Electric Machines and Drives

Electric Machines and Drives


Associated Area Faculty

No faculty are currently associated with this research area

The electric machine is an electromechanical energy conversion device that processes and delivers power to the load. The same electric machine can operate as a motor to convert electrical power to mechanical power or operate as a generator to convert mechanical power to electrical power. The electric machine in conjunction with the power electronic converter and the associated controller makes the motor drive. The power electronic converter is made of solid state devices and handles the flow of bulk power from the source to the motor input terminals. The advances in the power semiconductor technology over the past several decades enabled the development of compact, efficient and reliable DC and AC electric motor drives.

The controller is made of microcontroller or digital signal processor and associated small signal electronics. The function of the controller is to process the user commands and various sensor feedback signals to generate the gate switching signals for the power converter semiconductor switches following a motor control algorithm. The sensor signals include machine rotor position, phase currents, inverter bus voltage, and machine and inverter temperature outputs. Fault protection and diagnostics is also part of the motor controller algorithm.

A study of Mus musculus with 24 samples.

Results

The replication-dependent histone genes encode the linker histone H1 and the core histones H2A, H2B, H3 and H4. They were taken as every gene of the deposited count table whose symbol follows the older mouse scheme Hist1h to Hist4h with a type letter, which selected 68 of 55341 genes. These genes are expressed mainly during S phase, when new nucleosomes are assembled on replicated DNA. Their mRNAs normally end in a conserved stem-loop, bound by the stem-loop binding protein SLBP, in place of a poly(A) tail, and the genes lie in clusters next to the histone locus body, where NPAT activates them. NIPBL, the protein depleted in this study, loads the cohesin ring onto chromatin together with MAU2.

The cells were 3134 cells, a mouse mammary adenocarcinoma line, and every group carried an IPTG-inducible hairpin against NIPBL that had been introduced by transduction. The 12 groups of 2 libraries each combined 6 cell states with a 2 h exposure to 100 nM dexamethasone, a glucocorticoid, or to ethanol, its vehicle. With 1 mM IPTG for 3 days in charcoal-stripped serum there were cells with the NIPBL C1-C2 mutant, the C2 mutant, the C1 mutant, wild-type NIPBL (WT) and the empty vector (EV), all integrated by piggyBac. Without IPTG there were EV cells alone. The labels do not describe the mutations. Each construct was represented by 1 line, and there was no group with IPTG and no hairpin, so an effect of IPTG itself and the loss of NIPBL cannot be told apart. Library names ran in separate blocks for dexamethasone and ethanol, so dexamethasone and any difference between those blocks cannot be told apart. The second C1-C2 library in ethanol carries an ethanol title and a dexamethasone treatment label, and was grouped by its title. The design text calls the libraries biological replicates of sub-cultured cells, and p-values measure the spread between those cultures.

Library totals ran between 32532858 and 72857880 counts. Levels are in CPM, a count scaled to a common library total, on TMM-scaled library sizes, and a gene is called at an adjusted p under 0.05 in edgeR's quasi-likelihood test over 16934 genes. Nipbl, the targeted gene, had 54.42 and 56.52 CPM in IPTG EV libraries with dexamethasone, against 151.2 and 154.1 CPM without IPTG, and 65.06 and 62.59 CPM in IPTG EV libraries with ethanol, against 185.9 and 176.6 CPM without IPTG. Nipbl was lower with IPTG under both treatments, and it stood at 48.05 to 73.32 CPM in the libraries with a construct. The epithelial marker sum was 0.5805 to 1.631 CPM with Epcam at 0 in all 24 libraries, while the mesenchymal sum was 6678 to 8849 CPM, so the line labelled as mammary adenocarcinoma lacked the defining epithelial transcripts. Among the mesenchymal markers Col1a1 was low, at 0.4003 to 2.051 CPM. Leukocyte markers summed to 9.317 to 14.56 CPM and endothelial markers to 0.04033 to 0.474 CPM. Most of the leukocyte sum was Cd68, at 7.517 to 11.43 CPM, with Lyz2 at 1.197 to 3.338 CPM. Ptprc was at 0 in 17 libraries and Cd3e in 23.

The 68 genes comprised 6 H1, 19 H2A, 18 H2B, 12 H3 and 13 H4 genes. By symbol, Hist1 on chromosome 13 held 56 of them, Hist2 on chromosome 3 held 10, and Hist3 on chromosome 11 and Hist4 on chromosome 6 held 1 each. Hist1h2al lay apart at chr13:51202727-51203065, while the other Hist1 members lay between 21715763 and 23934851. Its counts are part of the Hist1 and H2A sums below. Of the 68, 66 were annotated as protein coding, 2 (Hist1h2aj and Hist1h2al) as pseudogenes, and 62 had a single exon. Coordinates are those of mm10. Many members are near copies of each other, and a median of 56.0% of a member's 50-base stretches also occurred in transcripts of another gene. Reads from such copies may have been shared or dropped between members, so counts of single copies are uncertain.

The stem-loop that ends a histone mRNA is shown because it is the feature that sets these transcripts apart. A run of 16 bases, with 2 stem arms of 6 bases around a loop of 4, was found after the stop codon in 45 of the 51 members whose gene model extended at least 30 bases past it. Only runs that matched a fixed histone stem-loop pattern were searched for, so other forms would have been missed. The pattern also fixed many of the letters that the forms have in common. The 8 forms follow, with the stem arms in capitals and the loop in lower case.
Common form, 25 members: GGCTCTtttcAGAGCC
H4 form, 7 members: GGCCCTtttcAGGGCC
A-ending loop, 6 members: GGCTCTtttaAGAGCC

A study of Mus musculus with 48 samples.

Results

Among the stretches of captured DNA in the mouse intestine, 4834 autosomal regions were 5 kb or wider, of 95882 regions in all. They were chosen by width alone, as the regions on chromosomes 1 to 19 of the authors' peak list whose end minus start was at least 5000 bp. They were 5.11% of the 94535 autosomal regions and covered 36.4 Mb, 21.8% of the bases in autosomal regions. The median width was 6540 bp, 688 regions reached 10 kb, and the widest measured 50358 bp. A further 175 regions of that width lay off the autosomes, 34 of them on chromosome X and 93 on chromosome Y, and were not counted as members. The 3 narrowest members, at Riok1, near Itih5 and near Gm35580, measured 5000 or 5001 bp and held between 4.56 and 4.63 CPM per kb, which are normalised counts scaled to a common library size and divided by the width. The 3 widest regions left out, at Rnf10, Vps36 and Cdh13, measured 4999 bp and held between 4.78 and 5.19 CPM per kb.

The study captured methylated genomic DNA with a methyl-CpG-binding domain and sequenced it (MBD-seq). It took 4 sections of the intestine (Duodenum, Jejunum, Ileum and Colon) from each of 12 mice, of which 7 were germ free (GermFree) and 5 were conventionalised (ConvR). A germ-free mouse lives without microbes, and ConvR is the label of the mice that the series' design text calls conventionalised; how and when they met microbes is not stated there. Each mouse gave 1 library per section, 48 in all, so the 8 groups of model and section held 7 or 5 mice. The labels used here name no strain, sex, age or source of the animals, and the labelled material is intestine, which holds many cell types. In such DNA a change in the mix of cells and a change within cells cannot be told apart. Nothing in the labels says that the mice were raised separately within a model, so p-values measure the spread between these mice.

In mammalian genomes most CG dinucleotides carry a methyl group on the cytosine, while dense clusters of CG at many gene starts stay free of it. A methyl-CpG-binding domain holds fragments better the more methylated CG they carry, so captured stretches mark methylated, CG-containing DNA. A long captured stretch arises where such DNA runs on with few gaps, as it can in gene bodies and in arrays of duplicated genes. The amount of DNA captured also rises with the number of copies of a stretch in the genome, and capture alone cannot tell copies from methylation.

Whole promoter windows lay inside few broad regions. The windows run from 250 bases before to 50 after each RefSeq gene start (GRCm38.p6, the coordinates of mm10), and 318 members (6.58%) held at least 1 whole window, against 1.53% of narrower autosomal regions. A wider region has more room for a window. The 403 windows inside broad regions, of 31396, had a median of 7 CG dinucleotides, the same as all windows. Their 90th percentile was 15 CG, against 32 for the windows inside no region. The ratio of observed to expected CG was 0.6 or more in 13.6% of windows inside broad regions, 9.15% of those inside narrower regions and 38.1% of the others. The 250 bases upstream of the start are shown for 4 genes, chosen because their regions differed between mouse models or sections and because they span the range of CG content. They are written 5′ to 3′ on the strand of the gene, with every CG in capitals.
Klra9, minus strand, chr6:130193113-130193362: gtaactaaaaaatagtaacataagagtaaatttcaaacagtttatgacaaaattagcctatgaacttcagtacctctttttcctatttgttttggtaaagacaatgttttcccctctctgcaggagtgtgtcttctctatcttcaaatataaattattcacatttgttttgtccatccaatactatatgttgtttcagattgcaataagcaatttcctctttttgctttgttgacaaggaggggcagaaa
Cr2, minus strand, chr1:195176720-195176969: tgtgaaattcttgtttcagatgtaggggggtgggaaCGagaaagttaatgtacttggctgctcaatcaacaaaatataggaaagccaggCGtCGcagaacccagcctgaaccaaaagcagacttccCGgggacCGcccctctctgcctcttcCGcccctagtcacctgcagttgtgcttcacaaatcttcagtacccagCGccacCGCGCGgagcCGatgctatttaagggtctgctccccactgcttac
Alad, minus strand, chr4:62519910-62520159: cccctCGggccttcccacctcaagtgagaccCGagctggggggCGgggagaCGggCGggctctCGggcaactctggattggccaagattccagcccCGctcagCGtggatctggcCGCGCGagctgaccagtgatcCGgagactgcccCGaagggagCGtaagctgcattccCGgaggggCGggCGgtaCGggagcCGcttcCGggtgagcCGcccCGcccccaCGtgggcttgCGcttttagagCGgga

Research in the area of electric machines and drives is focused on design optimization using 2D and 3D finite element analysis, and drives design at the systems level considering operating requirements and control opportunities. The research is multifaceted seeking innovations in machine configurations, motor control concepts, parameter identifications, and noise and vibration analysis. Motor drives are designed to make the system more efficient, fault tolerant, smoother in operation, smaller and matched to the applications. Modeling and design tools are developed to aid the machine design and drive development efforts. Particular research emphasis is on permanent magnet and reluctance type machines and drives.